That column drew many answers, but I will refer to just 3 of them. The funniest answer came from a person pretending to be a physics professor (or, maybe a real physics professor having a good joke) who described how much effort was needed to tear the paper according to force vectors and the like.
       That answer was complete nonsense, of course. The amount of force needed to tear the paper is tiny compared to the force required for all of the arm motions involved in reaching and tearing, not to mention the forces involved in leaning your body towards the dispenser. A person's arm is many times the weight of an entire roll of tissue.
       Two responses really need to be considered. The first came from a hotel housekeeper who said that the tissue is always hung over the top in her hotel. This is significant because hotels do not take matters like how to hang bathroom paper lightly. Large chains have studies done to determine the method most people prefer, and smaller chains and independents follow suit.
       From Bayonne to Brussels to Bangkok, hotels, hostels, bed and breakfasts, boarding houses, and even bawdy houses all hang the paper over the top. Here are the most important reasons:

       When the paper is hung over the top, the free end is closer to the person. The user does not have to lean or reach as far. This is especially important when the dispenser is not close to the seat, or when the person is elderly.
       Even in households where all the residents are young and limber, the paper should be hung over the top as a courtesy for the occasional elderly or disabled visitor.

       Hanging the paper over the top makes it easier to get the right amount. The person can see the entire length of paper that is being dispensed, and therefore can easily see where to tear it. When the paper is hung against the wall, part of the paper is hidden by the roll, particularly the tear line, and it is much harder to judge.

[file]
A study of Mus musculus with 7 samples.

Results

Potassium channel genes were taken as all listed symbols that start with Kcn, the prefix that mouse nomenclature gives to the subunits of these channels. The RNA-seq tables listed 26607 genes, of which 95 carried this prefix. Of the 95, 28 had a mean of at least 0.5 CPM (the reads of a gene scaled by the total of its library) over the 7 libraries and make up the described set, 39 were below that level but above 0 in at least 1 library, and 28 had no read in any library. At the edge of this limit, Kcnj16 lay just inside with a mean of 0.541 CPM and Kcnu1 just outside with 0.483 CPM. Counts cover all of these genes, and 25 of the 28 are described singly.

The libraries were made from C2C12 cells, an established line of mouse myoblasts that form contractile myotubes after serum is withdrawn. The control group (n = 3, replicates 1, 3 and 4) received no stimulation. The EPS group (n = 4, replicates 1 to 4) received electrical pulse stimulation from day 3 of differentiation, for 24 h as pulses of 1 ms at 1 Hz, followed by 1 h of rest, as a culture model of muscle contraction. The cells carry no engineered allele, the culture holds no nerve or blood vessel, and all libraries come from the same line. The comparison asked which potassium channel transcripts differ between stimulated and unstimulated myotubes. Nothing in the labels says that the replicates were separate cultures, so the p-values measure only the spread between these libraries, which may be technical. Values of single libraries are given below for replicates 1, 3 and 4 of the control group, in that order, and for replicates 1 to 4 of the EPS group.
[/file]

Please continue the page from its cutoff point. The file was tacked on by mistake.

When the paper is hung over the top, it is also possible for the person to place the other hand above the tear line to steady the roll to help get the desired amount.

       When the paper is hung over the top, the person can see the tear line where the paper gets separated from the roll. This makes it possible to apply the quick snap that many people use to produce a fast even tear. If the tear is becoming uneven, the person can notice that happening and correct the situation, perhaps by placing the other hand along the tear line.
       When the paper is hung over the top it is easier to see if the tear lines on the different plies of the paper don't line up, and correct the situation by peeling off the top ply.

       When the paper is hung over the top, the person does not have to fumble to find the loose end, which often cannot be seen and is difficult to feel when it is clinging to the roll. The user does not come in contact with the wall, which may not be clean, nor transfer germs to the wall and thereby to later users. The person need only touch the part of the roll which is used, and so need not transfer germs to the next user. The person gets the paper sooner, and therefore gets clean sooner.
       So, why do so many people hang the paper against the wall in their homes? The answer comes from the third of the letters, this time from the mother of a toddler.
       At some stage many youngsters decide it is great fun to unroll the entire roll of paper. Some do this as a prank, as an entertainment, or simply because they have not mastered the skill of tearing the paper off. Either way, the paper ends up in a heap on the floor, and must either be rolled backby the parent, or discarded if it has gotten wet or dirty.
       A solution to this problem is to hang the paper facing the wall. Since the child pulls towards him- or herself, this will usually result in rolling up the loose end, rather than unrolling it onto the floor. By the time the child can reach the end near the wall, the child will be older, and probably more capable and responsible.
       In families with several children, this can result in the paper being hung towards the wall for years. In extended families, with children over a wide range of ages, the paper may end up hung that way for decades. The children grow up believing this is the way tissue is normally hung. They never realize it was hung that way as a defense against themselves as babies. This practice may last for generations in some families.